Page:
The software vulnerability exploited by the recent Witty worm is only the latest in a growing list of flaws being discovered in the very products users invest in to safeguard their systems.
"This is a new realm of risk that users must confront: the security of security (products)," said Andrew Plato, president of Anitian Enterprise Security, a systems integration and consulting firm in Beaverton, Ore.
The Witty worm, which was reported to have damaged 15,000 to 20,000 computers worldwide, took advantage of a flaw involving the BlackIce and RealSecure intrusion-prevention products from Atlanta-based Internet Security Systems (ISS). The worm wrote random data onto the hard disks of vulnerable systems, causing the drives to fail and making it impossible for users to start up the systems.
The flaw was the result of a buffer-overflow condition in a function used to detect peer-to-peer traffic, said Chris Rouland, director of the X-Force security team at ISS.
The company worked to "very quickly mitigate the risk" after being informed of the problem by eEye Digital Security, Rouland added. But Witty was released "almost immediately" after the fix became available and before many users had time to respond, he said.
Rouland noted that the number of major flaws that have been discovered in ISS products over the past five years has been limited to two. That's well below the industry average, he stressed, because ISS follows strong quality and code-audit processes.
Just a few weeks earlier, a vulnerability caused by an unchecked buffer was discovered in a firewall from Zone Labs in San Francisco. Fred Felman, vice president of marketing at Zone Labs, said his company also responded quickly, so no exploits were reported. Zone Labs follows "stringent" processes for product quality, Felman added.
In February, vulnerabilities were discovered in a firewall from Check Point Software Technologies Ltd. that could have allowed attackers to modify firewall rules.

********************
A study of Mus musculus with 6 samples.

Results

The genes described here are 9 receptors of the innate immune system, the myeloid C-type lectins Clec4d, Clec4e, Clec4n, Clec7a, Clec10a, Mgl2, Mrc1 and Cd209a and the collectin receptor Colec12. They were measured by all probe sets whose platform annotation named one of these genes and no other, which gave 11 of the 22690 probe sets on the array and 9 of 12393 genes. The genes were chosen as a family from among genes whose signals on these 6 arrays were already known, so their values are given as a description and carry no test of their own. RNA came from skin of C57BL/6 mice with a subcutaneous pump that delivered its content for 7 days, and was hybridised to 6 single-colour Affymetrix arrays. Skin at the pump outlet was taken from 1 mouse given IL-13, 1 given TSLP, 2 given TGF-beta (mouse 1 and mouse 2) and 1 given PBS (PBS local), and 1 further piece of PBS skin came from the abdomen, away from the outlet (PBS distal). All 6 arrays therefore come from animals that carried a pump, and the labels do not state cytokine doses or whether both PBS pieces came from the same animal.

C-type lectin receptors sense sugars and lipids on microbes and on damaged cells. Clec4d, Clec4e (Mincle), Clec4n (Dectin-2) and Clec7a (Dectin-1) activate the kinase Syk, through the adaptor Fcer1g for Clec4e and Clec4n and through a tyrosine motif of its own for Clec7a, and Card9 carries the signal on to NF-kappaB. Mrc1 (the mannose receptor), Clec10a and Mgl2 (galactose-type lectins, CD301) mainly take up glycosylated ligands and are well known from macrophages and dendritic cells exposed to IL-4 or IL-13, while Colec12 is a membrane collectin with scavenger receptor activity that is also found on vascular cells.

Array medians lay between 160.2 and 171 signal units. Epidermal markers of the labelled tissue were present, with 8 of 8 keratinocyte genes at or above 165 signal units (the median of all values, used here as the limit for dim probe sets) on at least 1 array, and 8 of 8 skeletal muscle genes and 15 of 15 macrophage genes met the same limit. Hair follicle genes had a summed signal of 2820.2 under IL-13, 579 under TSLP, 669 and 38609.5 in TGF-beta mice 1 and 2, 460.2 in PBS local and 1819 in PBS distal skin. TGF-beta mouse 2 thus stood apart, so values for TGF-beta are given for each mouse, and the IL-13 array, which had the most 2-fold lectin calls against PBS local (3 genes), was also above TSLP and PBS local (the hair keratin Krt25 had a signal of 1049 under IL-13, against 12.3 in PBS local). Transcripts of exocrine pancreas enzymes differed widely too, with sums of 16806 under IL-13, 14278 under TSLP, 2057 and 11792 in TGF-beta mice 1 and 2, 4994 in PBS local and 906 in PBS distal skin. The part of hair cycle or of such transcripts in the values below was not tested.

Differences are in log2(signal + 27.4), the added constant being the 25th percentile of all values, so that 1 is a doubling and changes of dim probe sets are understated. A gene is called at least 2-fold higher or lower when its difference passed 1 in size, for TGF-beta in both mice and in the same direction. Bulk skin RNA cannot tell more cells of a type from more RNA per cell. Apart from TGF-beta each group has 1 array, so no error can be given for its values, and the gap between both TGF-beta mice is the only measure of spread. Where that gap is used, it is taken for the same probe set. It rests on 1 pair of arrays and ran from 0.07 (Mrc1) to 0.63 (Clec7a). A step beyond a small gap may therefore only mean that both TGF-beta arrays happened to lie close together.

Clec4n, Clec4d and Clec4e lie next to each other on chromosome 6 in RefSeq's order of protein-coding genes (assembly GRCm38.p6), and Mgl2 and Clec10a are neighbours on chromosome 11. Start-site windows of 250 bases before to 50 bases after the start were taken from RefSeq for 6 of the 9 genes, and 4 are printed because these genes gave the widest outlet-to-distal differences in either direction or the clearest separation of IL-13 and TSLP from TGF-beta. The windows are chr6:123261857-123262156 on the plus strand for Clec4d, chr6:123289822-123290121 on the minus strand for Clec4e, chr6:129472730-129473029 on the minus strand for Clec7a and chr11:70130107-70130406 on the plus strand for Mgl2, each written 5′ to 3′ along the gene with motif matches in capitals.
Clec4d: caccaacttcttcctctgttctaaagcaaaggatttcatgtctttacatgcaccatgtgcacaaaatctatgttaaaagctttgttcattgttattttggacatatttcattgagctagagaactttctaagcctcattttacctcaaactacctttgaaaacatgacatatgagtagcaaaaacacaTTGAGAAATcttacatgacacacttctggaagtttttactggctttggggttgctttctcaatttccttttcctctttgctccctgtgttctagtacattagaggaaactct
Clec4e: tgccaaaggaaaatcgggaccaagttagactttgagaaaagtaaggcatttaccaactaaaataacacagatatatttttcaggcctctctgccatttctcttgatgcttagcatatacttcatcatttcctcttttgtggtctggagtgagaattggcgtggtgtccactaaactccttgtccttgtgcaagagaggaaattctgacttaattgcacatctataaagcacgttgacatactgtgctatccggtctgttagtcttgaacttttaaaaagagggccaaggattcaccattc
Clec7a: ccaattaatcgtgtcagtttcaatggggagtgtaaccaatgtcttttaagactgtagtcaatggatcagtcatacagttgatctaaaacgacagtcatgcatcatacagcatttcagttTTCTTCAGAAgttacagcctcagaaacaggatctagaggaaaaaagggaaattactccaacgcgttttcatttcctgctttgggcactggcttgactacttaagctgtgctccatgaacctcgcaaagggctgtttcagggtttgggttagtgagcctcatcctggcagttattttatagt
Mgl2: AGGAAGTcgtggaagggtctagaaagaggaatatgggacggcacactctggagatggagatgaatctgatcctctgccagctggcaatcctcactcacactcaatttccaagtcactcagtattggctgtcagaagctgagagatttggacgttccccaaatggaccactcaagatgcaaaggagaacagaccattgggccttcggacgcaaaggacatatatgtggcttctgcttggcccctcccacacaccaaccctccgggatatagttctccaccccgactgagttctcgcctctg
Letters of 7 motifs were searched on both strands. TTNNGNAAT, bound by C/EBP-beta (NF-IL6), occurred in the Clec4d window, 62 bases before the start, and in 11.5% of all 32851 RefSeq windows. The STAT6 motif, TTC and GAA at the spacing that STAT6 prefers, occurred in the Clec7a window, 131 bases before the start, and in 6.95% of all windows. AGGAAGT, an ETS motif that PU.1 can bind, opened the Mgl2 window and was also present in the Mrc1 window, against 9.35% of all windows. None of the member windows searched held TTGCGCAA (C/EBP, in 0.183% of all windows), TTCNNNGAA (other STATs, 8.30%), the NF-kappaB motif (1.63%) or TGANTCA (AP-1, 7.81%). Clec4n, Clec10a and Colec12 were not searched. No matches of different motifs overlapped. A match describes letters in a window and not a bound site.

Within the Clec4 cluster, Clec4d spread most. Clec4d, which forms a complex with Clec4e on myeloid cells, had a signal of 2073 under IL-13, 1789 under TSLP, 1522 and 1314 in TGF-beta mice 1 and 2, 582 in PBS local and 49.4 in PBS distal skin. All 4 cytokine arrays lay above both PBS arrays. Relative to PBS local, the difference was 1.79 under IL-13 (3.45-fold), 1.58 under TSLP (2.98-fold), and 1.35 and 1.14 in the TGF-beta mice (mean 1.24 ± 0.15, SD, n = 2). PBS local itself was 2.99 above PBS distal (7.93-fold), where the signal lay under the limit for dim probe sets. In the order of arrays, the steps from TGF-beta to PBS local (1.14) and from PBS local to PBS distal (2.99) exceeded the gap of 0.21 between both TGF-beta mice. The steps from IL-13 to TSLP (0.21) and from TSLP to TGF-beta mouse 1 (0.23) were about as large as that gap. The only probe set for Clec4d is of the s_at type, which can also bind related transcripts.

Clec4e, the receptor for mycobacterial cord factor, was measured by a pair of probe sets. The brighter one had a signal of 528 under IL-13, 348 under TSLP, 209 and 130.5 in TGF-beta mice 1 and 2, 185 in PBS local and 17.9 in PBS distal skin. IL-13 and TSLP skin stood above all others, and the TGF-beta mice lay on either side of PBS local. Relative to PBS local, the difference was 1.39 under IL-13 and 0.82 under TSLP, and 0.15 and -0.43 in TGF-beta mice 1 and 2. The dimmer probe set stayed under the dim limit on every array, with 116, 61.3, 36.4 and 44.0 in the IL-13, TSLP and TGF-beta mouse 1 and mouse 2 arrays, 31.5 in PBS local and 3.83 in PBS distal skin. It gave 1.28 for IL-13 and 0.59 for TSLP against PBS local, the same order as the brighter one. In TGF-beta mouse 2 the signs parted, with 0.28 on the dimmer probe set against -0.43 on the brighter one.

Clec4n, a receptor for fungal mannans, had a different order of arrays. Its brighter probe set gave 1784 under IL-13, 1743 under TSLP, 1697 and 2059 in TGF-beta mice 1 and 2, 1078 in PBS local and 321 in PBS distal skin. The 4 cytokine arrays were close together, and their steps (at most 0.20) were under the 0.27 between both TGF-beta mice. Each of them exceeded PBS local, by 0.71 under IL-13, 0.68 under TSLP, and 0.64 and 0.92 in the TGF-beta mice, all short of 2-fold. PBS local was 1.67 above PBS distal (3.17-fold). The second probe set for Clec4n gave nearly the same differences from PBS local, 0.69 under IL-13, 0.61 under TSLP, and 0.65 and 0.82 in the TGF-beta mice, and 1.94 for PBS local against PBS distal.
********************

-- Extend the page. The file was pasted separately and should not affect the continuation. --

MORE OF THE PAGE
Similarly, a critical vulnerability was discovered in an Internet security product from Symantec that would have let attackers gain remote access to a compromised system. Overall, security vendors average about four critical vulnerabilities each year, according to statistics from ISS.
The trend isn't a particularly comforting one, Plato said. "Users should be very worried about this. The mad dash to be 'first to market' on every feature often creates sloppy engineering," he said.
Security software is becoming an attractive target for attackers, said John Pescatore, an analyst at Gartner. "If you are a hacker and you want to get some publicity, the best way to get it is to (break into) a security product," he said.
This week's incident also put the spotlight on a troubling habit by some security vendors to search for and disclose flaws in rival products as part of their competitive efforts, said Pete Lindstrom, an analyst at Spire Consulting in the US.
eEye, which discovered the ISS flaw, sells products that compete with those from ISS. It was also eEye that discovered the Zone Labs flaw. And ISS in the past has found problems in other vendors' products, such as those from rival Check Point.
"It's a fundamental conflict of interest," Lindstrom said. "Why would you even be looking at your competitors' products to begin with?"
According to Firas Rouf, chief operating officer at eEye, his company doesn't specifically search for flaws in competitors' products. The discovery of the ISS flaw was the result of research being conducted on a similar product being developed by eEye, Rouf said.
Rouland said ISS is interested only in finding vulnerabilities that exist in broadly used products. "We would look at a Check Point product just as we would a Microsoft product, because they are both so widely deployed," he said.